Despite the resemblance, Dr. Rowena Spencer explains, children are not tiny adults; indeed, “Children are like little chickens. They like to know their way around.” As one of the first women in the country to specialize in pediatric surgery as well as the first woman appointed to the surgical staff at the LSU Medical Center and the first female surgeon in the state of Louisiana, Dr. Spencer proved a wonderful asset to any hospital. Her bedside manner set her apart as a surgeon of unparalleled worth.
Dr. Spencer preferred to take a lighter approach to her smaller patients—being a friend instead of a threat; as a 1960 Times-Picayune article describes, “She is not above bribing a youthful patient with a nickel or a piece of candy.” And when asked in a recent interview about the most satisfying part of her work, she answered, “Holding the babies. I love babies more that a mule can kick.”
A forerunner for females in the surgical arena, Dr. Spencer faced some adversity, though she did not appear to dwell on this issue. She persevered to become a respected member of the medical community at a point in history rife with tension over not only the presence of women in the medical field but also African-Americans. At Johns Hopkins University, where she earned her M.D. in 1947, Spencer was in good company. She studied under Dr. Alfred Blalock and his laboratory technician, Vivien Thomas. Thomas, an African-American with little formal education, played an integral role in helping save those suffering from “blue baby syndrome.” Another partner in this discovery was Helen Taussig, founder of the field of pediatric cardiology and first female president of the American Heart Association. The work of Blalock, Thomas, and Taussig on the heart is immortalized in a PBS production, “American Experience: Partners of the Heart”(2002), and in a Hollywood production, Something the Lord Made (2004). Dr. Spencer would continue their work on infant patients, making a name for herself as an authority on conjoined twins.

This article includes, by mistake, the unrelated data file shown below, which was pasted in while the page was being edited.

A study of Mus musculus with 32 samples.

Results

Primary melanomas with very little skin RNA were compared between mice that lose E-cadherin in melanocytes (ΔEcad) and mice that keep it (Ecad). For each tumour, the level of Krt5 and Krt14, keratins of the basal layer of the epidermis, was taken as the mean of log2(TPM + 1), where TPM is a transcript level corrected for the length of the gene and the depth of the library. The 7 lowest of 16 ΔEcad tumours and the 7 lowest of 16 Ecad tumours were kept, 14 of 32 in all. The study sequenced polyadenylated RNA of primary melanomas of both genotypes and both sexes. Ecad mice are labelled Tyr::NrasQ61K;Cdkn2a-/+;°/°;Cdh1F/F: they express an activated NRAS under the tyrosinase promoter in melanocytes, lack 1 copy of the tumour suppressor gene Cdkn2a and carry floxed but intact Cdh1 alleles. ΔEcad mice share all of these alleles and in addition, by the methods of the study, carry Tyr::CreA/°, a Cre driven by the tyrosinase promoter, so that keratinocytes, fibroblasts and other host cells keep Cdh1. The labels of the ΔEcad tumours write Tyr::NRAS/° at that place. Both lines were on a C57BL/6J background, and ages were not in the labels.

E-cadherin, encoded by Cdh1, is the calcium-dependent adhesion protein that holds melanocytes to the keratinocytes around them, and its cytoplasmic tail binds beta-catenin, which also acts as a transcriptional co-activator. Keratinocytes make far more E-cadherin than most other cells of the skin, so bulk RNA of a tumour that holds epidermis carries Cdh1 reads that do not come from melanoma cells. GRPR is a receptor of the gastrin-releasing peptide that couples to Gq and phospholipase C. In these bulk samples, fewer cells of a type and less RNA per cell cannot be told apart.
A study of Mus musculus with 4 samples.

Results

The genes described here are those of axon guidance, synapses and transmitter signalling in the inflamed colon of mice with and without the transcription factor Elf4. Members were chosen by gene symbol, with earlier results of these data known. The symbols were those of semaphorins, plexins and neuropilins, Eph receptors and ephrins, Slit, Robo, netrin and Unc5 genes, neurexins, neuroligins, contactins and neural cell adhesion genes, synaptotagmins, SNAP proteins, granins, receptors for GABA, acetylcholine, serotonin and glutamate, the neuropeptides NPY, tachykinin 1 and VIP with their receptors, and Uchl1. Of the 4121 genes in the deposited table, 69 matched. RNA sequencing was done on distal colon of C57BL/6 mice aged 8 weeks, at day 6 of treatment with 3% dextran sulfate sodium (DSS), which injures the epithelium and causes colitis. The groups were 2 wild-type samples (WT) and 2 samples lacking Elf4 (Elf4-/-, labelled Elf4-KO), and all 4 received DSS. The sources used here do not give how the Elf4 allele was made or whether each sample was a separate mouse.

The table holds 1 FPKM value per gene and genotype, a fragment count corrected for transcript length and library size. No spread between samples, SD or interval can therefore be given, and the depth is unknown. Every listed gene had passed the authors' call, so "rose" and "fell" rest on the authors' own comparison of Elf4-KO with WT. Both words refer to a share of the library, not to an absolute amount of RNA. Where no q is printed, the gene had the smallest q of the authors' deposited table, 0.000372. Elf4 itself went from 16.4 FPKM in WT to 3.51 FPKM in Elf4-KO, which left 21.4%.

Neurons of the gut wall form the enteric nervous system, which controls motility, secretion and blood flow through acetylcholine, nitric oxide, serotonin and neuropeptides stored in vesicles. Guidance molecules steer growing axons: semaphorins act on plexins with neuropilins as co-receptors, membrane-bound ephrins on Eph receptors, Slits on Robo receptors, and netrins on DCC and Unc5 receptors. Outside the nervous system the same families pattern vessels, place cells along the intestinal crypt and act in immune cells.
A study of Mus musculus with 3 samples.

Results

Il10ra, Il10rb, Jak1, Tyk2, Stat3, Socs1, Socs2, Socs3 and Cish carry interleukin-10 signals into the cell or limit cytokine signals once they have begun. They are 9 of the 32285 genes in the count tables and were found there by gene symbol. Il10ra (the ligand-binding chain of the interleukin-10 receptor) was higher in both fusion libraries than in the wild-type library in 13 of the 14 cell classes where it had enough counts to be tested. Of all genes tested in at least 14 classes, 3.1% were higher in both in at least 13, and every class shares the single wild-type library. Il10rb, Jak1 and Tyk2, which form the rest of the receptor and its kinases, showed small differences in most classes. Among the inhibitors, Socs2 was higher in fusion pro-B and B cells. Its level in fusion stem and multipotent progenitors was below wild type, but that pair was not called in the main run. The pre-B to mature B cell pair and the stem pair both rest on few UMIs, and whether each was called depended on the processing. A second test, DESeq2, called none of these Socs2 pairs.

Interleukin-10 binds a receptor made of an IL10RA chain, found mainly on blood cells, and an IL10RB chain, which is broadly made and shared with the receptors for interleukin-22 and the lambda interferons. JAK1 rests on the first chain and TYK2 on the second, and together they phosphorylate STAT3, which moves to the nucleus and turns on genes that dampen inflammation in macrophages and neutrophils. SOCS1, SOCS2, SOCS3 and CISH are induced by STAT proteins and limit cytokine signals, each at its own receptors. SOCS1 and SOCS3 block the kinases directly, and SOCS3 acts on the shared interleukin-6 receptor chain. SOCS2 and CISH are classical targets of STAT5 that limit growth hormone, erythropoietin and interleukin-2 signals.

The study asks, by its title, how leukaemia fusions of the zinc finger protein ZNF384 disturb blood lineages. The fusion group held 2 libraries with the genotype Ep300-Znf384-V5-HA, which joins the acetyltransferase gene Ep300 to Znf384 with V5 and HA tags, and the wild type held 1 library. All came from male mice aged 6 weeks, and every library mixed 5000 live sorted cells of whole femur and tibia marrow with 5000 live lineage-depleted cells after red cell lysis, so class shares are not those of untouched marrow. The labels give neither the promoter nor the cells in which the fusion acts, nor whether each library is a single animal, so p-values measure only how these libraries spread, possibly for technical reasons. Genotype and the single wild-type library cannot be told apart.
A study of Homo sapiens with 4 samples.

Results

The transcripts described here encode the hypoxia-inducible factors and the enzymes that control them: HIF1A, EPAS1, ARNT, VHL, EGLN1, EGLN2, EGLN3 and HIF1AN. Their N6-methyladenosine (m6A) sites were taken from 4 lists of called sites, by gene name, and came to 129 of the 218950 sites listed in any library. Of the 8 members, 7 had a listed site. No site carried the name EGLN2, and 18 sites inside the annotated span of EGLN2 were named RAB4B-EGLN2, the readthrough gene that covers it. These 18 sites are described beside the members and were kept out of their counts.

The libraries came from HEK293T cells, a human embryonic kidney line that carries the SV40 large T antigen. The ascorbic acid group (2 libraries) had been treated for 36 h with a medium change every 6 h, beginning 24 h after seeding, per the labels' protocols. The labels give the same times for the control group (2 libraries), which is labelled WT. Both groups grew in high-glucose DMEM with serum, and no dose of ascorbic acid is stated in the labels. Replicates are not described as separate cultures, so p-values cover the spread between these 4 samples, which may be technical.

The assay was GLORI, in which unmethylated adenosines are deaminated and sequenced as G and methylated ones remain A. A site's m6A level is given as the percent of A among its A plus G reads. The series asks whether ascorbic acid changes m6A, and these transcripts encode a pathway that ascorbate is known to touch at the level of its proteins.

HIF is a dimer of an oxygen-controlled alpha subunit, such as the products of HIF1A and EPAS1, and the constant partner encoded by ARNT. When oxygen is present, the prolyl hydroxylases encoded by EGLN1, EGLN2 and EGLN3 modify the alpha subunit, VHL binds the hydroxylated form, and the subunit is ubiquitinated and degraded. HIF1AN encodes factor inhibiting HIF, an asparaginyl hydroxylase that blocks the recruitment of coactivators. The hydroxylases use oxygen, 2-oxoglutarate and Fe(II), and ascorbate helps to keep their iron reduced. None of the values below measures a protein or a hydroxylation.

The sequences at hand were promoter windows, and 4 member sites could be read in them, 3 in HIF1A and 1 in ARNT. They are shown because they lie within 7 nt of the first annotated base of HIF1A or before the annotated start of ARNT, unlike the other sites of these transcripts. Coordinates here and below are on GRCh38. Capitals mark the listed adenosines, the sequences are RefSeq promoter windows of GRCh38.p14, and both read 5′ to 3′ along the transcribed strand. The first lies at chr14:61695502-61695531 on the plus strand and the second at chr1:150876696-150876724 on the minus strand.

Examples of her work include many articles such as: “Parasitic Conjoined Twins: External, Internal, and Detached” and “Congential Heart Defects in Conjoined Twins.” An autographed copy of her text, Conjoined Twins: Developmental Malformations and Clinical Implications, is available for checkout at the Library. Dr. Spencer has also had the honor of being featured in a publication entitled, Louisiana Women: Their Lives and Times. Her chapter, “A Study of Changing Gender Roles in Twentieth-Century Louisiana Medicine” by Bambi L. Ray Cochran, appears alongside essays on Marie Therese Coincoin, Oretha Castle Haley, and many others in a fitting tribute to their contributions. Dr. Spencer recently celebrated her 90th birthday.
Glimpse of the Past is an ongoing project to promote the Louisiana Digital Library effort. This Month in History will present for your reading pleasure a closer look into a newspaper clipping of note from our Digital Collections and articles relating to the LSU Medical School.